According to the report, the Third District Court of Appeal ruled that a judge who dismissed charges against the defendant, Michell Espinoza, was wrong. Espinoza is a website designer who was charged with allegedly transmitting and laundering $1,500 worth of BTC without a money transmitter license.
At the initial trial in a Miami-Dade circuit court, the defense argued that, since Bitcoin is not considered money under Florida law, no license is required. The judge subsequently ruled that Bitcoin is not money, and its sale unintentionally for illegal purposes does not constitute money laundering, further stating that BTC is just “poker chips that people are willing to buy from you.”
Still, the appellate court ruled that Espinoza indeed engaged in unlicensed money transmitting, as he neither registered with Florida’s Office of Financial Regulation nor complied with anti-money laundering regulation (AML). The court stated that his “bitcoins-for-cash business requires him to register as a payment instrument seller and money transmitter.”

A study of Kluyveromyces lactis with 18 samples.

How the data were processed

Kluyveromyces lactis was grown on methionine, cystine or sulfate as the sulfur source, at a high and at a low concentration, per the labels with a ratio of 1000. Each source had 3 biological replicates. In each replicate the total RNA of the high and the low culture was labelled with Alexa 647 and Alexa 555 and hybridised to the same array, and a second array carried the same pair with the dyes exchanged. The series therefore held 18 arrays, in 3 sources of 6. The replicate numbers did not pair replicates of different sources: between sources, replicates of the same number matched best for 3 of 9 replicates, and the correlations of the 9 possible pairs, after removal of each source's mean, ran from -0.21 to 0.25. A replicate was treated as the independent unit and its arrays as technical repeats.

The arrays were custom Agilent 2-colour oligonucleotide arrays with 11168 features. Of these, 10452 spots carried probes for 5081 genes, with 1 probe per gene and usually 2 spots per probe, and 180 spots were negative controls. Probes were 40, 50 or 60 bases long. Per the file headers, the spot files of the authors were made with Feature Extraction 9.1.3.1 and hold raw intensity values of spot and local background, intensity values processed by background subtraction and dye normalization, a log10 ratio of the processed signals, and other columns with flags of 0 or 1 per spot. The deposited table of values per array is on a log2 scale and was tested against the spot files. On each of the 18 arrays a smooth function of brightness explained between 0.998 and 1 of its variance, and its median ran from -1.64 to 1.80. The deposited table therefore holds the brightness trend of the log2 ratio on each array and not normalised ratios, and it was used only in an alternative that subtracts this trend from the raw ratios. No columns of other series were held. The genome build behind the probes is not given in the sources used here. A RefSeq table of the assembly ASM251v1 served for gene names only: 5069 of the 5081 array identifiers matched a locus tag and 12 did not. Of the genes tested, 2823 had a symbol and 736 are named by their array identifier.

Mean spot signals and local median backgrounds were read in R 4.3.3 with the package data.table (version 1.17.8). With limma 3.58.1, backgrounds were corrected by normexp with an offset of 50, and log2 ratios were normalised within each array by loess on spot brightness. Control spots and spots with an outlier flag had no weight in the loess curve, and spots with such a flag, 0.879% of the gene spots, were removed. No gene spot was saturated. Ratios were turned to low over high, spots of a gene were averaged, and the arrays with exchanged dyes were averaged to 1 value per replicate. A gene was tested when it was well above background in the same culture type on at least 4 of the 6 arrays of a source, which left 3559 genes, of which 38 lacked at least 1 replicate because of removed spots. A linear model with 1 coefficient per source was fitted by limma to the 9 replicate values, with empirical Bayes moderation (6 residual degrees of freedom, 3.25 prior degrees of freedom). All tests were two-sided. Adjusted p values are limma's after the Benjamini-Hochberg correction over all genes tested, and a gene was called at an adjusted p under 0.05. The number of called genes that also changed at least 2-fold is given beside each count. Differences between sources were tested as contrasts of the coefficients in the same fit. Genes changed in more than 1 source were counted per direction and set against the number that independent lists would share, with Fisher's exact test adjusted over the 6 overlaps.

The court also added that the defendant was not “merely selling his own personal bitcoins, he was marketing a business.” Felony charges against Espinoza have reportedly been reinstated, but no trial date has been set so far.
Charles Evans, a Barry University economics professor who served as a defense witness, reportedly disagrees with the decision. Still, he thinks the decision is part of a broader trend towards the regulation of cryptocurrencies, stating:
“The Wild West days are over. The regulators and prosecutors are trying to bring order to all the chaos — and this is part of the process.”
Last week, the state of Pennsylvania clarified that cryptocurrency exchanges are not subject to the Money Transmitter Act. A document from the Department of Banking and Securities states that crypto exchanges are not required to carry a license to offer their services to Pennsylvania residents.